Tuesday, December 13, 2011

Politely Opinionated

I observed early in my online journey that the Internet was a magnet for rabblerousers who wanted to proclaim their views from the safety of anonymity.  Just visit the comment section of even a semi-controversial news story and you'll still find herds of bare knuckled, knock-em-down cyberphantom street brawlers that make Joe Fraser and Mohamed Ali look like partners in Dancing With the Stars.

I appreciate that Canadians lean toward politeness and tolerance in these situations. We have a similar disposition to the Japanese mosquito, which bites like its North American cousins, but folds its hands and says "please" first . . . giving the intended victim time to swat before being bitten (unlike the Japanese black fly, which is just as rudely ferocious as ours).

Perhaps this is why the online discussions I've seen on the Meaford story haven't degenerated into virtual fist fights of opinions. There is no lack of variance in opinion on the matter in the fire service, but so far we have been able to keep it civil for the most part. If there was ever a need to project a solid, unified voice, now is the time.

Speaking of Meaford, the trial is on hold until the presiding justice of the peace decides whether there is enough evidence to proceed with the charges. You can read an article by Laura King about the most recent developments here, and an update on the Firefighting in Canada blog here.

I was glad to find that I'm not the only one to question the Ministry of Labour's choice to prosecute a fire department for decisions made during an act of service. Defense attorney Norman Keith said that "if emergency-service personnel, including a firefighter, is injured because of uncontrolled or unforeseen circumstances, it’s disturbing to think that the Ministry of Labour might point the finger of blame" at someone who is working in the public interest.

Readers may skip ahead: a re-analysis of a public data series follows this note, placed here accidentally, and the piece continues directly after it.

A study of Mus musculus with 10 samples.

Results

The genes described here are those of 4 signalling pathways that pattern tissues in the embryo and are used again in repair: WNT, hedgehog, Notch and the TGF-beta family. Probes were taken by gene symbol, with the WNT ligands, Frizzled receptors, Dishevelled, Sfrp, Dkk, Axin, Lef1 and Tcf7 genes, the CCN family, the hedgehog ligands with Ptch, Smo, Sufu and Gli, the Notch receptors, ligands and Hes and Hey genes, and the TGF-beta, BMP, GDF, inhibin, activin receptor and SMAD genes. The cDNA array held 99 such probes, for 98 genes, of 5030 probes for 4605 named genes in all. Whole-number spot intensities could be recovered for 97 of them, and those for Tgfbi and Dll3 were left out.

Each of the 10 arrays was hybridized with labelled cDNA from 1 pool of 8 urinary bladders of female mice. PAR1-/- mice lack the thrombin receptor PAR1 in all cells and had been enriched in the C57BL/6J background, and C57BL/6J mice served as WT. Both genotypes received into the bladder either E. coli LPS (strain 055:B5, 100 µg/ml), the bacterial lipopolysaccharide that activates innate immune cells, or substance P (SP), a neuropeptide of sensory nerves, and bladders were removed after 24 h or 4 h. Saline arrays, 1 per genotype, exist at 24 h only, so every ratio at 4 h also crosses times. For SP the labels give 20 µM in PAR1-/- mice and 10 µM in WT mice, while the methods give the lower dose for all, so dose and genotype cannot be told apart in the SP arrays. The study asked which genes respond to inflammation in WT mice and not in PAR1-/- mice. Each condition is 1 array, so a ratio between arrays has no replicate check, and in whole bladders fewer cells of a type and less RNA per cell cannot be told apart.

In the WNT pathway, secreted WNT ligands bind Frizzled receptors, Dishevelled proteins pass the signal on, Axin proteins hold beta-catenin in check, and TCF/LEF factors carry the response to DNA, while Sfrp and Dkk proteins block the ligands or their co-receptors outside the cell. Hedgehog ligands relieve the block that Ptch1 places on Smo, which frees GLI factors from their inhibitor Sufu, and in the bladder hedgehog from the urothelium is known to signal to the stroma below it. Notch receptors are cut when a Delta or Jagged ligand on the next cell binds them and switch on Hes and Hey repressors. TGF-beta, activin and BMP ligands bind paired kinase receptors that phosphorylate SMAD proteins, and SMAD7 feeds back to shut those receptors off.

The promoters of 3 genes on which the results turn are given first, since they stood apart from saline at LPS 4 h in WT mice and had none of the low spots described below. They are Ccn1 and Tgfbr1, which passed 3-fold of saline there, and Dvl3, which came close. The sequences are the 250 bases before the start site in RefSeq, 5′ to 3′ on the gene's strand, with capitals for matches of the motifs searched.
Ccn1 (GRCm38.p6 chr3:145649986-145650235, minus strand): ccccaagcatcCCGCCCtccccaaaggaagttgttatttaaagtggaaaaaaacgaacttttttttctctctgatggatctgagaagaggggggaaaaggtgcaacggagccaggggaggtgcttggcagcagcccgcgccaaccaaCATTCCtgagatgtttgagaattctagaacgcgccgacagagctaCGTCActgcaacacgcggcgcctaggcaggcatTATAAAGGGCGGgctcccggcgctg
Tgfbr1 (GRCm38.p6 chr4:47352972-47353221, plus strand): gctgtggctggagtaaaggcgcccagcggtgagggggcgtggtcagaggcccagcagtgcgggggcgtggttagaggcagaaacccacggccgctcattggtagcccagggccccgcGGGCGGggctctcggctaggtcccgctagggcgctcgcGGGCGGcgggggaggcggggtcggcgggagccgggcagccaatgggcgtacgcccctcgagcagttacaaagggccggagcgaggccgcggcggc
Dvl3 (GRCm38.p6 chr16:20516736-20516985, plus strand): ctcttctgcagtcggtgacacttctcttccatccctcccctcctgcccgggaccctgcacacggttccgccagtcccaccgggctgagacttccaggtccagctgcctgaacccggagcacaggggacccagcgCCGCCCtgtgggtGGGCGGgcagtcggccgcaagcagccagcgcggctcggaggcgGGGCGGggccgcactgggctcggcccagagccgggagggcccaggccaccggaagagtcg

Unpredictability makes the fireground different from any other work place. We counter that unpredictability with operational guidelines, but no one can write a guideline that foresees every situation. Put firefighters in a dangerous mix that includes trapped occupants, a narrow window of opportunity to rescue them, and few resources, and the "right" choice is not simple. As the well-known maxim goes, we have to make decisions in seconds that others will have the luxury of picking apart over the course of years.

 In my December 5, 2010 post I talk more about the part operational guidelines play at emergency scenes.

Taking a brief pause in this diatribe, Ontario Vol FF is a new blog about the Ontario volunteer fire service. Here is a link. Knuckles, as he calls himself, offers another perspective on the volunteer service. Add this to Jennifer Mabee's blog on the Firefighting in Canada site, and it's good news all around. The more voices we have out there, the better.
 The down side of Canadian politeness is the danger of slipping into apathy. We don't like to rock the boat. Without delving into the mysteries of psychology, I think it isn't that we don't care, we just don't care enough to stir up trouble about things that we feel are none of our business.

I'm all about keeping our noses out of places they don't belong, and treating our opponents with polite civility . . . as long as they don't see our niceness as an opportunity to slap us like a mosquito.